Josh Evans | The Journal Gazette David Heiney, Homestead's No. 1 singles player, is 18-1 heading into sectional play. “This year I think the team chemistry is quite a bit better than last year. We're cheering a lot more for each other,” he says of his assigned role of team motivator. “I've been trying to hype everyone up.”
Wednesday, September 27, 2017 1:00 am
Spartans' No. 1 player team's top booster, too
On eve of sectionals, Heiney 18-1, thriving in role of cheerleader
JOSH PATTERSON | For The Journal Gazette
After earning All-State honors in each of his first two seasons at No. 1 singles for No. 4 Homestead, there's not much David Heiney has left to prove on the court.
But still Spartans coach Kerry Mumma met with the junior prior to this season and issued the following challenge – act more demonstrative on the court. Be it fist pumps after big points or high fiving teammates, but relish the role of getting everyone else fired up.
Heiney's rolled to another impressive year as the team's top player, currently 18-1, with his lone loss coming to Ian Brady of Indianapolis North Central at the Panthers' John Shirley Invitational in August.
In terms of Mumma's challenge, he has more than stepped up there as well.
“This year I think the team chemistry is quite a bit better than last year,” Heiney said. “We're cheering a lot more for each other. I've been trying to hype everyone up, (junior varsity), varsity, anyone that could use it.”
Already well-traveled on the Midwest tennis circuit even before enrolling at Homestead, Heiney's buy-in to the team concept has impressed Mumma. Heiney's accepting and thriving in the role of emotional leader has just brought on additional appreciation for the Spartans coach.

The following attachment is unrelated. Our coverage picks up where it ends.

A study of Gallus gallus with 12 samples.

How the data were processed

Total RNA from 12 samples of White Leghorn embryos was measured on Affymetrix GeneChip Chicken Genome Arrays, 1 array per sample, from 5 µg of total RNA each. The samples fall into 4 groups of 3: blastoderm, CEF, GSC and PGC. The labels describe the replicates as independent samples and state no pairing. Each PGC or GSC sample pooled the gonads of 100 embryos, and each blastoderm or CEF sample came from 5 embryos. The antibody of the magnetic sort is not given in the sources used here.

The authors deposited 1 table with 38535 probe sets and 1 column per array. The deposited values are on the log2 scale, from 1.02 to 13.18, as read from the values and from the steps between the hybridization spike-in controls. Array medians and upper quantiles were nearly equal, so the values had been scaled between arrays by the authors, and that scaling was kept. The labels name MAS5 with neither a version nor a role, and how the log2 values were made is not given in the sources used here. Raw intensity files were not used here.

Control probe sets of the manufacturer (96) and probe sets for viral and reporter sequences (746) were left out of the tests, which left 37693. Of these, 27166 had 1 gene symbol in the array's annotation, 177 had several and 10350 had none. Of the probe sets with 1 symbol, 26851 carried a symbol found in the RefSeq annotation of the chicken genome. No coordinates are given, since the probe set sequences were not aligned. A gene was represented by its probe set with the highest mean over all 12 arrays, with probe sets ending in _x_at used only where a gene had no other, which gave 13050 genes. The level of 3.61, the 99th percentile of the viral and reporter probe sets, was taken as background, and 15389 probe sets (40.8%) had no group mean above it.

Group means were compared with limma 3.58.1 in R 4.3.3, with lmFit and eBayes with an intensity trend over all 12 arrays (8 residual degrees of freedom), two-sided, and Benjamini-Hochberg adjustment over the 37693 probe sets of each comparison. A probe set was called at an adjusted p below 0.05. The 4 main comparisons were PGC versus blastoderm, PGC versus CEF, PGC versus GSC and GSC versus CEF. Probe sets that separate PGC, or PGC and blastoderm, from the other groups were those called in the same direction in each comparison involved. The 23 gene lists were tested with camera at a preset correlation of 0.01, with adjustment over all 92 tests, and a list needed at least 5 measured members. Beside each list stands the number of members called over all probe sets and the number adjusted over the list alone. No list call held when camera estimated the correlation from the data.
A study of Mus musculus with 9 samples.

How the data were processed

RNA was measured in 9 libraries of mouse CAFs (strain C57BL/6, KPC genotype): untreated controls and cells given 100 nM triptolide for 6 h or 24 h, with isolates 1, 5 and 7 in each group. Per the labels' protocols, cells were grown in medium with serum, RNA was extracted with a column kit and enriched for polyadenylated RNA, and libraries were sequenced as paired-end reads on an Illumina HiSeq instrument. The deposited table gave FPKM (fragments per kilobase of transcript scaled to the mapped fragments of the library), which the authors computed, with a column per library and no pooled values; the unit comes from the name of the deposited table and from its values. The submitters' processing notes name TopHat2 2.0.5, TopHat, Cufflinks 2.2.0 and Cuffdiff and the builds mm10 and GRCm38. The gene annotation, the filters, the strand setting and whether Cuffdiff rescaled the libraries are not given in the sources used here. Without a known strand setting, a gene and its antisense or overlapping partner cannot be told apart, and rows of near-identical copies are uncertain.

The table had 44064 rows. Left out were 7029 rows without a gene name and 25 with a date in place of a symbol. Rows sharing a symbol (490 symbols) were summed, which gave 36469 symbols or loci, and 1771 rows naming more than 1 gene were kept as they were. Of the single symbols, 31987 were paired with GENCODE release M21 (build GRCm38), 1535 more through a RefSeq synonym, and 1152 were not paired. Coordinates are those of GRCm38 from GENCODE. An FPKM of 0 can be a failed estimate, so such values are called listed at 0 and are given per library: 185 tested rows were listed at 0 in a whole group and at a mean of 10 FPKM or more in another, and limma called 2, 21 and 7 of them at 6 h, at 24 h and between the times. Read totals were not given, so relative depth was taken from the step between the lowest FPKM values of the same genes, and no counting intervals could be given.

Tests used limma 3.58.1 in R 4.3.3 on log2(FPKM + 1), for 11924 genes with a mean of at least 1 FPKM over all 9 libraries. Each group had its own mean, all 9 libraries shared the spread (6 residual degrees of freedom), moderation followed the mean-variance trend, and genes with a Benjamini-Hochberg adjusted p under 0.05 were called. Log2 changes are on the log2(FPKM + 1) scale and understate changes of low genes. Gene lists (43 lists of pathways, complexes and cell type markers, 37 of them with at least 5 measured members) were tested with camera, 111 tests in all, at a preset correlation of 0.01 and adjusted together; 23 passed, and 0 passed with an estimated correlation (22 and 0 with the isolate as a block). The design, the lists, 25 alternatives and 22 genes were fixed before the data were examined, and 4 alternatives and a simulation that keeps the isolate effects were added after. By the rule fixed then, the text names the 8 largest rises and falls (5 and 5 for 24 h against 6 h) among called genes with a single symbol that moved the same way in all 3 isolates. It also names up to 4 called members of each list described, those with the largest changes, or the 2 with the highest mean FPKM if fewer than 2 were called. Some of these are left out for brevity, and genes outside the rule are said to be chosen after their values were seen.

“With our schedule and for him to be 18-1 is just unheard of,” Mumma said. “He has the best record on our team, and playing (No. 1 singles) he plays the toughest competitors from every school.
“David has completely bought into the team. He cares about the other matches, he cares about how the (junior varsity) is doing, he cares about his teammates. As a coach, it's probably one of the more fulfilling things. I've been impressed with how he has stepped up.”
Heiney's leadership, both on the court and as Homestead's unofficial hype man, will prove even more crucial as sectionals begin today across Indiana. The Spartans, hosts of one of seven area sectionals, stand as a favorite to advance out of their sectional.
The Spartans previously swept No. 19 Canterbury 5-0, the other ranked foe in the four-team field at Homestead. With that victory already in place, it might be easy for Heiney and his teammates to look ahead to regionals, where a likely matchup against sixth-ranked and defending regional champion Leo or No. 10 Carroll could await.
“We've beaten both of those schools this year, but I said until we beat one of them in regionals they're still on top,” Mumma said. “You try to prepare your kids, but at this point for them they have nothing to lose. They're going to come out to play, and I don't want them to overlook Canterbury.”
Echoing his coach's sentiments, Heiney explained the combination of an experienced coach in Mumma and a veteran lineup will provide multiple safeguards against complacency.
“Our coach will do a good job of making us focus,” Heiney said. “We have a lot of experienced players on our team, a lot of senior leaders and good players that have played a lot of tournaments, so I don't know if the overconfidence will be much of a problem.
“I'm hoping the pressure won't be either.”